The goal of the final essay is to take an intrinsically interesting question about morality (one you could imagine discussing in your dorm room late at night), and develop a well-reasoned well-written argument for an answer, based on a sophisticated analysis of neuroscientific evidence. This requires understanding how to translate interesting questions into neuroscientifically testable hypotheses, how to evaluate and connect existing neuroscientific methods and results, and how to structure an argument based on evidence.
Possible essay questions include: Is morality uniquely human? Is morality innate? Could we make people more moral by helping them to be more empathetic? Is psychology a disease of the moral faculty? If humans are moral, why is there war? Is morality the opposite of selfishness? What isthe neuroscientific difference between a murderer, a terrorist, and a soldier? Is the special concern parents have for their children the opposite or the origin of human morality? Why do people cheat? What has neuroscience taught us about morality?
Students will work on their final essay throughout the semester.
Choose a question (from the list above, or propose your own). Select 6-9 papers from the list of papers in Readings, and for each one, in one sentence say how you expect that paper to be relevant to your question.
Draft 1 and Additional Reading Proposal
The draft aims to develop and define the question, and argue for the answer, by evaluating and integrating evidence from the chosen papers. Aproximately 3000 words. The reading proposal is informal: a description or list of questions or claims that might be interesting to expand or strengthen by drawing from additional independent readings. Around one page. Feedback will focus on improving the writing and developing the plan for future reading.
Draft 2: A complete draft of the final essay
Approximately 5000 words. Feedback will focus on the logical structure and scientific content.
A well-written, well-reasoned, original argument.
Essays that receive an A in this course have all of the following qualities:
- Make a claim: not just an overview of a topic, but a persuasive argument for a specific view, idea, or answer.
- Based on scientific evidence, including neuroscientific evidence (e.g. from fMRI, TMS, lesion studies, optogenetics, neuropharmacological interventions, neurological disorders).
- Conceptual precision: use key technical terms clearly, provide definitions when helpful.
- Novel insight: identify links or connections across papers or topics.
- Critical evaluation: base claims on the original data, potentially critiquing the authors' interpretation.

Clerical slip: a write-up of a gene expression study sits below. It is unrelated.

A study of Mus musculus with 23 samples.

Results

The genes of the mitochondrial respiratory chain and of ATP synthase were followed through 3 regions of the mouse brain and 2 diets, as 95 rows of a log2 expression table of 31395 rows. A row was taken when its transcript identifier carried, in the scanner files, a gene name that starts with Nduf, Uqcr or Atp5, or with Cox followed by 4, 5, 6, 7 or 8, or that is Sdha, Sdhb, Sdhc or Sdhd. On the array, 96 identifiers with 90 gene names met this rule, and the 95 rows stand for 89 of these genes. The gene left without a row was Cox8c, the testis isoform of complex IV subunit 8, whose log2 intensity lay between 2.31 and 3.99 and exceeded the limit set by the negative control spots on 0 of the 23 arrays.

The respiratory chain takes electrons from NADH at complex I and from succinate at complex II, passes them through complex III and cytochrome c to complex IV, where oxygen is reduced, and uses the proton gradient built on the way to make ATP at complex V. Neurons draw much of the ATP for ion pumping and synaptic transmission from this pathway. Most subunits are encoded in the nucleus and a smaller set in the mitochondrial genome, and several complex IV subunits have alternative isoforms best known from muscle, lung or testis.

- Strong logical structure: organize the evidence to clarify and support the claim.
- Good sentences: few unnecessary words, strong verbs, relatively simple sintax
All written work should contain in-text citations to your sources (name, date) and a complete bibliography at the end of the essay in APA format.
The goal of the final exam is to create an incentive for students to take time at the end of the course to integrate what they have learned, and practice using their ideas to make creative and synthetic arguments in real time. The main purpose of the exam is therefore to incentivize preparing for the exam — the learning happens during the preparation.
The exam is 12 open-ended essay questions, of which students must choose and respond to 4. The exam lasts 3 hours, and is open book and computer (including all of your notes), but no internet (there's no time for new research, anyway). Essays are typically 600-1000 words long.
Expample exam questions from last year:
"As measured by the Moral Foundations Questionnaire, 'Harm' is a moral principle that almost everyone endorces. Yet cultures, genders, and individuals do differ in how much harm they are willing to commit. How can we reconcile these two observations?"
"If you had access to the Cuban twins registry —all of the twins in Cuba— and unlimited time on an MRI machine in Havana, what experiment would you do (relevant to the neuroscience of morality) and why?"
During the semester, I provide two practice exams (6 questions each) to help students prepare themselves. To increase the incentive to do the practice exams, one question on the final exam includes a question from the practice exam. If you already have a prepared answer to this question, you will only write 3 essays during the 3 hour exam, a much easier task.